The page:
Who has health insurance coverage?
Eighty-three percent of nonelderly individuals were covered in 2013, with rates rising sharply with income. Since then, the ACA has increased total coverage among nonelderly adults by more than 7 percentage points.
In 2013, before the major coverage expansions under the Affordable Care Act (ACA), nearly 57 percent of the nonelderly population obtained health insurance coverage through employment (see figure 1). Another 4 percent purchased coverage on their own in the private market, while about 19 percent were covered by Medicaid and 3 percent had coverage from other public sources. That left nearly 17 percent uninsured. Virtually all elderly individuals participate in Medicare, and those with low incomes also receive assistance through Medicaid.
Health insurance coverage rises sharply with income. Less than one-quarter of the nonelderly with family incomes below 138 percent of the federal poverty level (FPL) had private coverage in 2013; 28 percent reported having no health insurance, public or private. In contrast, more than two-thirds of those with incomes between 138 and 400 percent of FPL had private coverage, while 17 percent had no insurance. Over 90 percent of the nonelderly with incomes above 400 percent of FPL had private coverage, and just 4 percent lacked any health insurance.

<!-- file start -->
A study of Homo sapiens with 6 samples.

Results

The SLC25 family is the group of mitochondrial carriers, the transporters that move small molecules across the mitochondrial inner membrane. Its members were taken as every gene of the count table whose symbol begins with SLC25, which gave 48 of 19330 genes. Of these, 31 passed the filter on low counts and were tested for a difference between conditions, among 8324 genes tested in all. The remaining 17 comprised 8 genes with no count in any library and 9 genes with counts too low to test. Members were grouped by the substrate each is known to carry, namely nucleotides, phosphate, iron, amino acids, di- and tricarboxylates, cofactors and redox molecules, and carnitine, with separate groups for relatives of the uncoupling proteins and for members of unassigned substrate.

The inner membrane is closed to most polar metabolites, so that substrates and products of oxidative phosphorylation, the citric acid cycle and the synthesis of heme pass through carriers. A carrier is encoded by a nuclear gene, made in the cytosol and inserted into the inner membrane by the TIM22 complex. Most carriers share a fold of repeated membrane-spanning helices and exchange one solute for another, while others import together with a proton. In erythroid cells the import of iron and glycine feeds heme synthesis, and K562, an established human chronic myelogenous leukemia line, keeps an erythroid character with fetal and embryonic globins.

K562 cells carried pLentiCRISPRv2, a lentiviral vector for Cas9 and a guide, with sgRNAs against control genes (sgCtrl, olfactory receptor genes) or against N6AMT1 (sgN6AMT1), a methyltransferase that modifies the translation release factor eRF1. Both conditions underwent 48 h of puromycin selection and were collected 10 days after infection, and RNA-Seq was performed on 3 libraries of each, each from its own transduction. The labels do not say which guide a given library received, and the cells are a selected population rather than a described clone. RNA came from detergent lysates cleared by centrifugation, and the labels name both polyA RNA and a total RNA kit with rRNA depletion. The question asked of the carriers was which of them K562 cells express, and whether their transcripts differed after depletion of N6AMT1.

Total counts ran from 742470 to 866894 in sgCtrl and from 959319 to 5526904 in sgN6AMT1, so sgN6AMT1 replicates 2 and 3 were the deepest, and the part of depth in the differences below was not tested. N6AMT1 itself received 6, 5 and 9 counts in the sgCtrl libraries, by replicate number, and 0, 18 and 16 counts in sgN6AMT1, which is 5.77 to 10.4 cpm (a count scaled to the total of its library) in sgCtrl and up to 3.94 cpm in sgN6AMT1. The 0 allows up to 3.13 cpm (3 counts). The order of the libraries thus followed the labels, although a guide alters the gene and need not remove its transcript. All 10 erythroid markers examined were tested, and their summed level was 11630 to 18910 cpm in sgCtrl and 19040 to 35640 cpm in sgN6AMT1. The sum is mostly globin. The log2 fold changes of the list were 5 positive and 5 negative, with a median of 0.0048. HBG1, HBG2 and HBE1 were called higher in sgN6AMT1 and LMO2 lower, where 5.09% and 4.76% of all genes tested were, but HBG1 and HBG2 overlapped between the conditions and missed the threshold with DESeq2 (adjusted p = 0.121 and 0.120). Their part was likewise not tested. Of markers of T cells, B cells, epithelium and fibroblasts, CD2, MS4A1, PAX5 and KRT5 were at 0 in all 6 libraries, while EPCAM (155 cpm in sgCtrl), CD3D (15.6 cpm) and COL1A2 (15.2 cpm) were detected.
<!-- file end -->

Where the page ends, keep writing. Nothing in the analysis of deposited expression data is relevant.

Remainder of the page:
Gains in health insurance coverage since 2013
Coverage has increased markedly since implementation of the Affordable Care Act in 2014. Under the ACA, families with incomes between 100 and 400 percent of FPL, lacking other affordable health insurance options, can use tax credits to purchase insurance on national or state exchanges. Additionally, states may expand Medicaid eligibility to all nonelderly with incomes below 138 percent of FPL, with the federal government initially paying the entire cost.
Estimates from the Urban Institute’s Health Reform Monitoring Survey (2015) show that between fall 2013 and spring 2015 the percentage of adults under age 65 with health insurance increased by 7.5 percentage points (see figure 2). Gains have been largest among low- and moderate-income families, the young, and racial and ethnic minorities.
Kaiser Commission on Medicaid and the Uninsured. 2015. “Health Insurance Coverage in 2013: Gains in Public Coverage Continue to Offset Loss of Private Insurance.” Menlo Park, CA: Henry J. Kaiser Family Foundation.
Urban Institute. 2015. “Taking Stock: Gains in Health Insurance Coverage under the ACA as of March 2015.” Washington, DC: Urban Institute.